Thursday, February 14, 2008

Jesus the Transformer

No, this week's sermon is not about how Jesus can change from a giant robot into a sports car. I have no doubt He could do so if He wanted, but gratuitous displays of power (or "showing off") never has been His style.

Instead, the Jesus we meet in the Gospels reserves His power for the hard and beautiful work of transforming people from the inside out. This Sunday, we'll look at a great story of this transformation in John 9. But until then, I'll leave you with this thought: Are you and I working with Jesus in transforming people's lives? Or are we standing in the way? Jesus wants to change my life...not just send me to Heaven when I die. He wants to transform the lives of every person I know. He wants to impact our community so significantly, citizens, media, government officials and sociologists will have no rational explanation for the change in the overall quality of life. Do you and I really believe those things can happen? Are we willing to make that our mission as individuals and as a church? If not, we're standing in His way...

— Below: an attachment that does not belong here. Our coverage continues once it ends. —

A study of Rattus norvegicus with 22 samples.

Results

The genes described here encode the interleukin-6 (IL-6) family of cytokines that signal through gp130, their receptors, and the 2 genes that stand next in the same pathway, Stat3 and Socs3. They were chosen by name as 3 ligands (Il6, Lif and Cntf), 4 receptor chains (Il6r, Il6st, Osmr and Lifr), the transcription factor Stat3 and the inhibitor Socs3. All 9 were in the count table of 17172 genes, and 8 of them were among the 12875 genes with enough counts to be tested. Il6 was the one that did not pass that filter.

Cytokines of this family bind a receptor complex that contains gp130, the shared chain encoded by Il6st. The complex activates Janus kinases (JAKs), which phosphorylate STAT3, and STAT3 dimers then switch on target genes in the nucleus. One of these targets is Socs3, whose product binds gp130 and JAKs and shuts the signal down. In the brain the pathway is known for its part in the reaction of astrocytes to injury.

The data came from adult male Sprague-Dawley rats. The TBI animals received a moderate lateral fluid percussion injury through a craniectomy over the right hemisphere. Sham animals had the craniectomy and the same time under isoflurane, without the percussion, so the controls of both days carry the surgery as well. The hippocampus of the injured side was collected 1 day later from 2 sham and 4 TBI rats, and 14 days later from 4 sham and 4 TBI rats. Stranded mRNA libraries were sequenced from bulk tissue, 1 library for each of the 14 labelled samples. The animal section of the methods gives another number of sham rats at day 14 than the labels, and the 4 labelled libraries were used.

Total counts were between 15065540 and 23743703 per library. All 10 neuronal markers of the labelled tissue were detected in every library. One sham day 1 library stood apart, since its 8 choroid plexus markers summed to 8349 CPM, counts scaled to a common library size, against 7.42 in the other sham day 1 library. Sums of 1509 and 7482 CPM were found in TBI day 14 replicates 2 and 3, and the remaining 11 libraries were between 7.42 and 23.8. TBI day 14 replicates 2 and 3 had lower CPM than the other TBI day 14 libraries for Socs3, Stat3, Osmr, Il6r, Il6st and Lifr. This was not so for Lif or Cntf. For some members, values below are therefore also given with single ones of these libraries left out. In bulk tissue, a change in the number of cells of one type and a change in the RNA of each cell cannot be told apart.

Anonymous said...

Yes, it can happen, but it happens one life at a time.

Anonymous said...

Have an idea.

Since you, Jeff, are new at the church, have you ever taken an inventory of the personal or family ministries that persons and families in your congregation are already involved in? You could request that people drop a slip of paper in the offering plate telling of what they do that is a personal ministry, including ministry to their own family members, physical or spiritual, but ministry which is not sponsored in any way by Westbury.

I think it might come as a surprise all that is already going on "under the radar."

Another way a new pastor can learn about this sort of thing is to visit in every member's home. It will give you lots of insight that will help you to understand them as individuals and as families.

I have recently been thinking of a way to get the generations to know and appreciate each other might be to combine the "Dinner Eight" concept with intergenerational ministry to form groups more like families with persons about the age of children, parents and grandparents in each group.

I would love to have been in such a group.


Jeff Berger said...

Sorry it has taken me so long to respond. Those are great ideas...thanks!